Armageddon out of here

29 September 2004

The MP for Outer Space South, Lembit Öpik, has a slightly scaremongering article about the possibility of an asteroid strike, even though one that would wreak global devastation happens only once every 100,000 years (Öpik makes no such indication, but does cite the much vaster Jupiter as an erroneous parallel). While, in terms of scientific curiosity, the study of our skies for Near Earth Objects is probably quite a valid one, trying to promote it through fear of an exceedingly unlikely event (while ironically dismissing Hollywood’s treatment of the subject) without all the information to hand, is, er, bad science.


5 Responses

When assesing risks like this, you need to take into account not just the likelyhood of the event, but its potential severity. It’s true that a large asteroid strike is very unlikely, but it’s also potentially species threatening. Our species, that is. ;-) So I must say that I think that Near Earth Object surveying is not *just* a matter of pure science.

Though I agree that the £80m bet on odds of 100,000-1 is (probably) more profitable than risking the whole planet, because it’s so unlikely it’s harder to judge (would the same decision be right if the odds were a million, or a billion to one?). As it’s so hard to grasp it lets the scaremongers in, which is why I think the decision is easier to make if it is not framed in terms of risk & outcome.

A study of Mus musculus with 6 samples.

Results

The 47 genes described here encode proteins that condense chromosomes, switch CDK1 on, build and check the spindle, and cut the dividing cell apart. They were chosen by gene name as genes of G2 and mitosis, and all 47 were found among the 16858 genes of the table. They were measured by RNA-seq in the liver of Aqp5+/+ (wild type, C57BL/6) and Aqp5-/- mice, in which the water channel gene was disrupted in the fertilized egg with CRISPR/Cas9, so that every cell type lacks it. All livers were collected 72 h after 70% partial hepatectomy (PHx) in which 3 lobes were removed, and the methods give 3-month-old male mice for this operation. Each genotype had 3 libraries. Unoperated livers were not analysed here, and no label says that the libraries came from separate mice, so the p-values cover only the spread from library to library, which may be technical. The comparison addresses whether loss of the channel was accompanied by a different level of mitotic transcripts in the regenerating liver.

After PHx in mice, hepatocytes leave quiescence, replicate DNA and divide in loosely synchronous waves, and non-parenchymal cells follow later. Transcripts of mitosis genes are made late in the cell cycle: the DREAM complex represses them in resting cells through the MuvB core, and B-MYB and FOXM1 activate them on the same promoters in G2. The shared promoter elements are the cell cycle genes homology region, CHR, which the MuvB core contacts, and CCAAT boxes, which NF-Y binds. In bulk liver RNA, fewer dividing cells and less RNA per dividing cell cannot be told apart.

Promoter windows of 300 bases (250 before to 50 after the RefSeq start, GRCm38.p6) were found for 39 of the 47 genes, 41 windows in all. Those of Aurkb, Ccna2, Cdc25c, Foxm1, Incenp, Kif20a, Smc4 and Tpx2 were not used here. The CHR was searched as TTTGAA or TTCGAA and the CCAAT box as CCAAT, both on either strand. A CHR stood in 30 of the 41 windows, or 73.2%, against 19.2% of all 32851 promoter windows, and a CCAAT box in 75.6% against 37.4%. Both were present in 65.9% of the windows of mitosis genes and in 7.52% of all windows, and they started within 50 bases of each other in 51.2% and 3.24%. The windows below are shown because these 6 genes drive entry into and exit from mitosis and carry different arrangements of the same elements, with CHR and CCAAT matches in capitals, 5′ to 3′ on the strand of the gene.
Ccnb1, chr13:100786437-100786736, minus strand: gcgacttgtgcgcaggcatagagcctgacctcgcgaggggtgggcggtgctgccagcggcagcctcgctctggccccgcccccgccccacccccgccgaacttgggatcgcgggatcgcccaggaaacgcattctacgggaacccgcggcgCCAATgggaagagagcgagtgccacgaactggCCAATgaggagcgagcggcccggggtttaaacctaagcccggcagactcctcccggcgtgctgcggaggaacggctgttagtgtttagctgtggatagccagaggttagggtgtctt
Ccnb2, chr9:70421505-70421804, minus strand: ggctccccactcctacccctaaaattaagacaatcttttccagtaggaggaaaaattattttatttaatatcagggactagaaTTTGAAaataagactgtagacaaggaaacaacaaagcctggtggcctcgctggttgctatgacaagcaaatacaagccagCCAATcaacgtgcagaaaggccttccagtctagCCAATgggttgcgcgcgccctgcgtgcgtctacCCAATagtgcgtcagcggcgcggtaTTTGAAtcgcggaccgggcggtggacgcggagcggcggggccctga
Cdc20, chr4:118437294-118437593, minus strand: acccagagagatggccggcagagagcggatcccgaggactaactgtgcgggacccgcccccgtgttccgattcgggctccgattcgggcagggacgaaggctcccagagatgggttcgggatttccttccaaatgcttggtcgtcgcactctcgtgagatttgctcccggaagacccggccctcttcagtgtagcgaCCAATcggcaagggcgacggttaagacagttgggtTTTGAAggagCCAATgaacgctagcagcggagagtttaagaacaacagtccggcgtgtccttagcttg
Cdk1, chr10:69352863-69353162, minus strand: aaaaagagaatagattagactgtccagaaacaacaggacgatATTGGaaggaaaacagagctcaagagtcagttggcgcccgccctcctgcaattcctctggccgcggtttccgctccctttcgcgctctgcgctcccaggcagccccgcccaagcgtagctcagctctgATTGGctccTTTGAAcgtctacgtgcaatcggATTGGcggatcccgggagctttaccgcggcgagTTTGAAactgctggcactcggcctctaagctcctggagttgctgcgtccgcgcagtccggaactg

Well, look at it this way. You are more likely to be killed by an extinction-event asteroid that you are to die in a plane crash. The odds of both can be gauged pretty well.

Well, while we can get an accurate figure regarding the odds of such horrible things happening through scientific method, it is hard for us human beings to fully understand their significance, especially when they have extreme consequences. Hence why many people are disproportionately afraid of dying in plane crashes, or why people think they have a reasonable chance of winning the lottery jackpot. It is very hard to make accurate decisions on very low risks with such massive effects, and it is why fanciful stories of airline disasters or idle fantasies about becoming millionaires are more persuasive than they should be. Lembit Öpik’s article is in a similar vein and should be treated with the same caution.

The trouble is that it’s only fanciful stories that grab our attention. If it was el-stereotype-geek-scientist saying “well, we may or we will have an asteroid collision in 100,000 years”, people aren’t going to take much notice. You have to raise media attention somehow.

Although media attention on global warming and that volcano in the Canary Islands causing a massive tidal wave don’t seem to have affected anything.

We’re just lying in the gutter with our heads up our arse. Or something.